How often have you listened to a patient’s story and thought, “OMG! This person has a brain tumour.” After a few more minutes listening (if you are into that sort of thing) your concern might have developed into a mere brain abscess or perhaps a cerebral vascular abnormality. Reacting directly to such gut responses is one reason that doctors now do so many CT Scans of peoples’ brains. I am ashamed to admit that we now cause more brain tumours than we detect. That is clearly not good for our patients and the public purse. In fact, it is a disgrace.
So what should we do with this concern that patients so easily generate in our viscera? We ignore it at our peril for we do not know if it is based on reality, searching google and incorporating the symptoms, a grief reaction to the death of a loved one or even just chance. Whatever turns out to be the case, if the patient was not fearful before telling us their story, they will be after they witness our response.
What I am saying is – the doctor’s concern and the patient’s fear is the same thing. Singular. One.
There is a solution. To respond as a professional rather than as a social being. The neighbour, friend or chat room acquaintance will stay with the patient’s fear – “You need a CT Scan my friend”. As a doctor you can feel and acknowledge the concern, either internally or openly with the patient, and recognising that it is probable that the patient is afraid of whatever you have become concerned about. Now park that concern and go about your professional business. You can continue gently with the history gathering information that might confirm or refute the possible calamity and examine the person carefully. I cannot stress enough the need to examine people carefully if you are going to refute their fear and explain the symptoms another way. The laying on of hands shows care and attention to detail and justifies our professional opinion.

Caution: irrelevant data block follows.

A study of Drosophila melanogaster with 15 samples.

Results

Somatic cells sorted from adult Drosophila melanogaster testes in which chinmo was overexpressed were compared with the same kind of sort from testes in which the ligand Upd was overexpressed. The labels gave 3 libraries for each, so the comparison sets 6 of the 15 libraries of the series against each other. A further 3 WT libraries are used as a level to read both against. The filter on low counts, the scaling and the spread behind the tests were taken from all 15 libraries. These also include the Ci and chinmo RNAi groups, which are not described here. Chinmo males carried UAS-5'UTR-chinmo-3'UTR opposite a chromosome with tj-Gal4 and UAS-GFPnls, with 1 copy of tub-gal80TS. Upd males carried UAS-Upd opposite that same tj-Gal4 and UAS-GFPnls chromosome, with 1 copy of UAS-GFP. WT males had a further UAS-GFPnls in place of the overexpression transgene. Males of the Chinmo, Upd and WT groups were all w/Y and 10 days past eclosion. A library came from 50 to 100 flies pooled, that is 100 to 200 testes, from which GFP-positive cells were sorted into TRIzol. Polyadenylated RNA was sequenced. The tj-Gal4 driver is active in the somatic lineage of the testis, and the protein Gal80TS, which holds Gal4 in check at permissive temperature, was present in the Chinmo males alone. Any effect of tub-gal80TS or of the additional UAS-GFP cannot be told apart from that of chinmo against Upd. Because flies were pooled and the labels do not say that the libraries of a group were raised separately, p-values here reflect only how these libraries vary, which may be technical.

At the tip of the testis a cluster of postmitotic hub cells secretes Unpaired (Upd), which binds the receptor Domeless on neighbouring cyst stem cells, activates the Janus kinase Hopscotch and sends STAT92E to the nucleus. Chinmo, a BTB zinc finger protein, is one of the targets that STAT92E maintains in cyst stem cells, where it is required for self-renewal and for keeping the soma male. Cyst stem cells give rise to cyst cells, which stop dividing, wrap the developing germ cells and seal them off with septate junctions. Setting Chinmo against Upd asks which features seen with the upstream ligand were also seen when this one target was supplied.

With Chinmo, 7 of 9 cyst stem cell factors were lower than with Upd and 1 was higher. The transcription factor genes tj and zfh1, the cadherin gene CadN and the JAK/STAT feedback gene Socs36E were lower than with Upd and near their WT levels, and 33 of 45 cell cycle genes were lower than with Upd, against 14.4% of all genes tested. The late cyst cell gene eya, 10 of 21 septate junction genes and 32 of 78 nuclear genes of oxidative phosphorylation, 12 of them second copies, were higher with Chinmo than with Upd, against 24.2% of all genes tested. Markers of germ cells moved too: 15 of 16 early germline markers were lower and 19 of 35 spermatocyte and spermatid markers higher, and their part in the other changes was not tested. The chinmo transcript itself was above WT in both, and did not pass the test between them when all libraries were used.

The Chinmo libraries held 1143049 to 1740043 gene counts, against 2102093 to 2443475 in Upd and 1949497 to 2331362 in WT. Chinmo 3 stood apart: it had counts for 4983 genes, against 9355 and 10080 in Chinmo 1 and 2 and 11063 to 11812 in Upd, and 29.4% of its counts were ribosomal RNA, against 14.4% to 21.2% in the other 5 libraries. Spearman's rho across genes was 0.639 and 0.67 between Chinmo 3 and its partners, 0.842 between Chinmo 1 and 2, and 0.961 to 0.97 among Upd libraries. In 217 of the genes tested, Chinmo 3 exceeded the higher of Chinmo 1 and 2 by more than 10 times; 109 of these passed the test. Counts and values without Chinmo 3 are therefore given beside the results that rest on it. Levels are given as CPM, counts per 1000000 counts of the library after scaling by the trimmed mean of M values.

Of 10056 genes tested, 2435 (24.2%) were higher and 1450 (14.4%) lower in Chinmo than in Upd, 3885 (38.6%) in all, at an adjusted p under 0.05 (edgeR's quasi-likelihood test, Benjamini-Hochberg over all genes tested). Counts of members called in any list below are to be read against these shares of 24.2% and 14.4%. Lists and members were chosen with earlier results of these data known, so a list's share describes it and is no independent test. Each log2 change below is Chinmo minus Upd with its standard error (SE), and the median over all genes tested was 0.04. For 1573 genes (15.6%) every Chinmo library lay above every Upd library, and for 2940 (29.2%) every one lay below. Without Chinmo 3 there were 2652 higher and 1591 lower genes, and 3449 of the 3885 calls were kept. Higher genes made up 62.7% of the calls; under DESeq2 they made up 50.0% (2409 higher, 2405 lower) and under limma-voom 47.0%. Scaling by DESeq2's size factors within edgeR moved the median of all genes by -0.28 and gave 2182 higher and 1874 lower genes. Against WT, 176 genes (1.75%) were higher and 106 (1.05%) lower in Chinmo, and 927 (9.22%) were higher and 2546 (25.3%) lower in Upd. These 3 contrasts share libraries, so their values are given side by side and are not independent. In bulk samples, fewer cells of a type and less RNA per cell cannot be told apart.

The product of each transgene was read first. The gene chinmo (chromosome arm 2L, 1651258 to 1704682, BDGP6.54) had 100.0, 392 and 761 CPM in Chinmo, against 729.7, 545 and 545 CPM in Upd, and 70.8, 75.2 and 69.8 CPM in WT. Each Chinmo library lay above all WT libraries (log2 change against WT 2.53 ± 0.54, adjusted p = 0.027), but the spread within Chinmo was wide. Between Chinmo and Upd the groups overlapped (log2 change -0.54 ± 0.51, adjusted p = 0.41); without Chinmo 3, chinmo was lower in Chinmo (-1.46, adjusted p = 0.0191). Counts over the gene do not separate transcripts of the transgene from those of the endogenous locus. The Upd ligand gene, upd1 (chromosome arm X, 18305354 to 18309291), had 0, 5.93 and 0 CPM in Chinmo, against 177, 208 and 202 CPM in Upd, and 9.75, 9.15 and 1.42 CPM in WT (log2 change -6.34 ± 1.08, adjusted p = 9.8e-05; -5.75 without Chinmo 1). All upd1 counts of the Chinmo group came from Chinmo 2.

There is still work to do but investigation is not usually helpful if you do not think it will change the management. Investigation may mean an easy life for you and the patient might attend less in the short term. But the patient has proven that they were right to be afraid and shown that the doctor needed to do a test in order to discover that the feared condition was not present. What is that patient to do when the symptom recurs? How long is a reasonable gap before the test is required again as the doctor is unable to allay the fear without the result? It is a bit like the acceptable period before a widow or widower takes a new partner: there is a wide variety of opinion and a lot of gossip.
Once in a while, the fear may be so out of touch with reality that it is best to refute this in theory and avoid getting dragged into a clinical black hole. I met a patient who was repeatedly terrified that she had melanoma and would only trust a biopsy result; the doctors were concerned. When I refused to do this on the grounds that she had no added risk and normal skin, she became a very frequent attender for a skin check. It was only when we began to focus on the rest of her life that this fear resolved.
So use your fear barometer, your concern dial, but be aware who is pushing it.